Fresh data on illegal migrants from Mexico entering the US showed that the number of arrests made in March was the lowest in 17 years, while the overall illegal movement declined by about 71% since December 2016.
US Homeland Security Secretary John Kelly yet again credited President Donald Trump for the decline in the illegal migrant inflow and also attributed the change to "huge cooperation" from the Mexicans.
Revealing the numbers to the Congress on Wednesday (5 April), Kelly highlighted data from US Customs and Border Protection that showed less than 17,000 arrests of illegal migrants from Mexico in March – the lowest since 2000. In February, 23,589 immigrants were arrested for illegally crossing the Mexico border to enter the US.
"We've seen an absolutely amazing drop in the number of migrants coming out of Central America that are taking that terribly dangerous route from Central America to the United States," he said at the recent hearing of the Senate Homeland Security Committee.
"March marks the fifth straight month of decline and is estimated to be approximately 71% lower than the December 2016 total – 58,478," Kelly added.
He also acknowledged support from Mexico and said that US was receiving "a huge amount of co-operation from the Mexicans". He also cited "very, very good relationships with the Mexicans, both on their southern border where they stopped 160,000 illegal immigrants from Central America last year".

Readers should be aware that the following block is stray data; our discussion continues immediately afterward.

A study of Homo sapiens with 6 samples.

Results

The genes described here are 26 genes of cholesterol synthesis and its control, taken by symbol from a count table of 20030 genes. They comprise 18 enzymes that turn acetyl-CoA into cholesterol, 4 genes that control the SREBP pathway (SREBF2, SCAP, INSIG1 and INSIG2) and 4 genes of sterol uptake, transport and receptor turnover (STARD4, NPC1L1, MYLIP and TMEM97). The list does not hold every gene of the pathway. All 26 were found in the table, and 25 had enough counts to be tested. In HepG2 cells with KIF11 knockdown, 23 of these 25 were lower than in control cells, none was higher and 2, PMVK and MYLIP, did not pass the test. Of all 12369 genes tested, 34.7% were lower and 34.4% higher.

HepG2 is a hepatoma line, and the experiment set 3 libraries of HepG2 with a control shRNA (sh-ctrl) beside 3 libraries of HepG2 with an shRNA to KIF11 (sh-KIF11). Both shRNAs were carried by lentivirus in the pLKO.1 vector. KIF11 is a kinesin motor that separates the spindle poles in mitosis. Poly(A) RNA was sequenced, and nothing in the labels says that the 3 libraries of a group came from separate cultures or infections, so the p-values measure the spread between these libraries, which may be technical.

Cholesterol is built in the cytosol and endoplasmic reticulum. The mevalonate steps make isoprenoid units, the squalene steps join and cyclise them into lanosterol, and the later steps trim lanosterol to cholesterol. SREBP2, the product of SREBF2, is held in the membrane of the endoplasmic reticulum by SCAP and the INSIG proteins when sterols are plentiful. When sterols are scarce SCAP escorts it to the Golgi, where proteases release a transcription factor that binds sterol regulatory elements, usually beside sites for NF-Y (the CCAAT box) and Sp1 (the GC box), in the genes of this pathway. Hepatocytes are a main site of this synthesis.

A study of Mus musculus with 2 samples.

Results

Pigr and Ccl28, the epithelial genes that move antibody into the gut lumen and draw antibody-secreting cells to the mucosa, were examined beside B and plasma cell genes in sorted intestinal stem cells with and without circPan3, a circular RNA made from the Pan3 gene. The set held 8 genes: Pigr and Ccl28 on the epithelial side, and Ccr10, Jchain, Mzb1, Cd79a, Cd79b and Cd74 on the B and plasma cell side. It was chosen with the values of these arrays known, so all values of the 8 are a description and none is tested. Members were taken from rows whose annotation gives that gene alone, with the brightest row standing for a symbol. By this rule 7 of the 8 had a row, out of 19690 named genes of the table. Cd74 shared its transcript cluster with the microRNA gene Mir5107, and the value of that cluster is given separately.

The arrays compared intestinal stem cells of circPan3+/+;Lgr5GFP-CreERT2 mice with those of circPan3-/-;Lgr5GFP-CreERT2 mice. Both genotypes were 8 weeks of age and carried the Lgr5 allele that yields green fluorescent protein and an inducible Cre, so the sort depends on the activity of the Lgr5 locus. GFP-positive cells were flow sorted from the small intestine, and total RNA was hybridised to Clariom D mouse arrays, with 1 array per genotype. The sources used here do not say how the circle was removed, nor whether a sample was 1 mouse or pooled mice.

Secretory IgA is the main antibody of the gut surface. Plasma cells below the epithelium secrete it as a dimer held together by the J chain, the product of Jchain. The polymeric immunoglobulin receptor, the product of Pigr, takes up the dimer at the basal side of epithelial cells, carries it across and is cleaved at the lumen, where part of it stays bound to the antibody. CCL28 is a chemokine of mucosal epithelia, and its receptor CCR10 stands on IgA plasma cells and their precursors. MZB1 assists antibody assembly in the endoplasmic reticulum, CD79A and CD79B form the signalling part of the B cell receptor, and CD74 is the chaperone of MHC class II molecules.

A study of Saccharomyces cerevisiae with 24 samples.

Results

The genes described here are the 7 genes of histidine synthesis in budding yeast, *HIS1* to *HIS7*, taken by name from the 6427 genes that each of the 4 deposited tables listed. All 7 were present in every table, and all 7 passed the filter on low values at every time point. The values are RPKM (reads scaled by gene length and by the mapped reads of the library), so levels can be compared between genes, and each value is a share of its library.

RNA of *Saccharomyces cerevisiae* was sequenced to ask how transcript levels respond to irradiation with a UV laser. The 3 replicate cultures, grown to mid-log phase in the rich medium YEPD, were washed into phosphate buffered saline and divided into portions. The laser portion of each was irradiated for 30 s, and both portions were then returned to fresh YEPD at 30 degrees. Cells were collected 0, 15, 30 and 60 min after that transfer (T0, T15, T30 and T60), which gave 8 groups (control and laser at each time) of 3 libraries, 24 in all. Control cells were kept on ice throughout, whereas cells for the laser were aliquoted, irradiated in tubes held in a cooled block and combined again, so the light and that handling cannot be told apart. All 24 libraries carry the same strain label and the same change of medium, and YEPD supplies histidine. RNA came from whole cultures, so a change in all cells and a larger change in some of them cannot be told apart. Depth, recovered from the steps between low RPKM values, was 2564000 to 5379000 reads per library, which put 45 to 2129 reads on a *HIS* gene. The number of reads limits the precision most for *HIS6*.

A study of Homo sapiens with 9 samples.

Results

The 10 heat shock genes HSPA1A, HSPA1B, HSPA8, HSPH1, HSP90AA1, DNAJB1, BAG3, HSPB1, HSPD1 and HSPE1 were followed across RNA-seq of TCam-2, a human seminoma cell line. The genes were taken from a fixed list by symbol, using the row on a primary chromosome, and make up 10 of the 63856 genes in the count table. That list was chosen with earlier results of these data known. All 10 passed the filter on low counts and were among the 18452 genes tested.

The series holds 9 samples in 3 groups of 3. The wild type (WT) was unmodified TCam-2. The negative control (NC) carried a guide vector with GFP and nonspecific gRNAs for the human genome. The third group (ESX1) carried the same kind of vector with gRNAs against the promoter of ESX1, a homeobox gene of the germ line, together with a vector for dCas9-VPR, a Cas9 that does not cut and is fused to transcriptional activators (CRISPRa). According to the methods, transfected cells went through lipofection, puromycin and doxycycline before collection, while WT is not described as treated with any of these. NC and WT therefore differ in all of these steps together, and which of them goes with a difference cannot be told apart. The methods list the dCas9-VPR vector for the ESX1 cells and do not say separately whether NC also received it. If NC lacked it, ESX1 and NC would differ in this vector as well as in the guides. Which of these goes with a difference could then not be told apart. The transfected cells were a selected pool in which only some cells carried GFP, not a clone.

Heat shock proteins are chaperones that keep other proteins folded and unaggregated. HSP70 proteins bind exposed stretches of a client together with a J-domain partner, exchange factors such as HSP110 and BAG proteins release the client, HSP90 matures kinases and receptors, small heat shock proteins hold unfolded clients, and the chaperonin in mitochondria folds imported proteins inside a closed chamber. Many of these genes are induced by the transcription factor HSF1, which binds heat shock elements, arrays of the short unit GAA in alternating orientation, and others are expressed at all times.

The movement across the border usually increases after winter, the BBC wrote, noting that the numbers presented by Kelly show a reversal in that trend.
Kelly also said that "while this recent decline in illegal migration is good news, we must ensure that the security of our southern border remains a priority to protect the nation from terrorists and other criminals".
The figures came a day after the expiration of the deadline for submitting a design proposal for the controversial US Mexico border wall proposed by Trump. The wall is proposed to cover about 3200km length of US-Mexico border, while the gaps will be filled in by sensors, drones and other technology, Kelly said.
"It is unlikely that we will build a physical wall from sea to shining sea," he noted, adding that "physical barriers do work if they're put in the right places".